If you recognize the signs of a severe flare early there should be enough time to give a quick-relief treatment, call your physician, and get to an emergency department. Most asthma flares have a progression of symptoms over the course of hours, and traveling by ambulance should be unnecessary.

Rarely, a child may develop sudden severe symptoms. This type of flare has been associated with risk of death from asthma. In any situation where symptoms seem very severe, activating emergency medical services by calling 911 is appropriate. The time required to travel to a hospital through traffic may be difficult to predict. If your child becomes severely ill in the back of a car, it may be very difficult for you to give appropriate treatment and get help. Ambulances are able to provide albuterol treatments by nebulizer as well as oxygen and other support. Another medicine that ambulance staff may give is epinephrine, an injectable medicine that once was a routine treatment for asthma. An injection of epinephrine may help to open up the airways and allow inhaled medicines to penetrate the lungs better.

Ambulances are typically required to go to the nearest hospital, where more definitive care can be provided. At your next regular office visit, discuss with your pediatrician or nurse practitioner which hospital to choose if an emergency situation should arise. Some physicians have arrangements and admitting privileges at specific hospitals where you'll want to go in an emergency to ensure that your doctor is involved in your child's care.

All hospital emergency departments should be able to provide basic treatment for asthma. In today's competitive health care market, however, many community hospitals have cut back inpatient pediatric units, and these services may not be available. If that is the case and hospitalization is needed, transport to a larger center or children's hospital will be required. Intensive care units (ICUs) for children are even more scarce and are typically located only in large regional centers. Although treatment of asthma in adults and children is similar overall, children's hospitals may offer a more child centered focus, including child oriented teaching materials and access to special personnel who help children cope with medical procedures.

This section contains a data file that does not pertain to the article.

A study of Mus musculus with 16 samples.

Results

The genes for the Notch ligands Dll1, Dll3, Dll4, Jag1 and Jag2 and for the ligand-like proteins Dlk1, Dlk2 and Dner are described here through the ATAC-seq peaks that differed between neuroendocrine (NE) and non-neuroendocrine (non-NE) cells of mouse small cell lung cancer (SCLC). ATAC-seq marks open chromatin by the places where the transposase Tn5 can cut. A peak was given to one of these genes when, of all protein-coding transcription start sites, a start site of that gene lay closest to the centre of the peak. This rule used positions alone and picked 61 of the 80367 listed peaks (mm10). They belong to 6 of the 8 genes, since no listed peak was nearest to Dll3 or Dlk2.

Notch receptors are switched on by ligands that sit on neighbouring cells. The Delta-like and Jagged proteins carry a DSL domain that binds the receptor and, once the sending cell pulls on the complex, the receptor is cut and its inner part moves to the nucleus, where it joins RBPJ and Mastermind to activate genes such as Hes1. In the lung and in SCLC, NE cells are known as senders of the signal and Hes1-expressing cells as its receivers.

Being Prepared

Before an emergency arises, it's useful to have on hand a list of things to take with you to an emergency department. It's most important to take a copy of your child's asthma management plan so the staff knows what your regular physician has prescribed. Take your child's medicines and devices so that staff can determine that everything is functioning correctly. Peak flow records, if available, can provide information about the current flare and your child's lung function when he's well. Take a favorite toy or other security object to help your child pass the time, and plan that you may need to spend the night in the hospital.

Things to bring to the emergency room:

Asthma management plan

Asthma medicines

Asthma devices (spacer, nebulizer)

Peak flow records

Toy or book for your child

Overnight needs (toiletries, clothes, etc.)

When Robert and his parents arrived at triage (the first section of an emergency department), an ER nurse listened to Robert with a stethoscope. She used a special clip on his finger to determine his oxygen level, which measured 90 percent. The nurse then took Robert back to a room and began the first of several nebulizer treatments. She also gave him a small amount of a liquid steroid medicine by mouth. After several hoursArticle Submission, Robert was better but still seemed a bit short of breath. His oxygen level continued to measure 90 percent. The physician discussed the situation with his parents and recommended admitting Robert to the hospital for additional treatments and oxygen.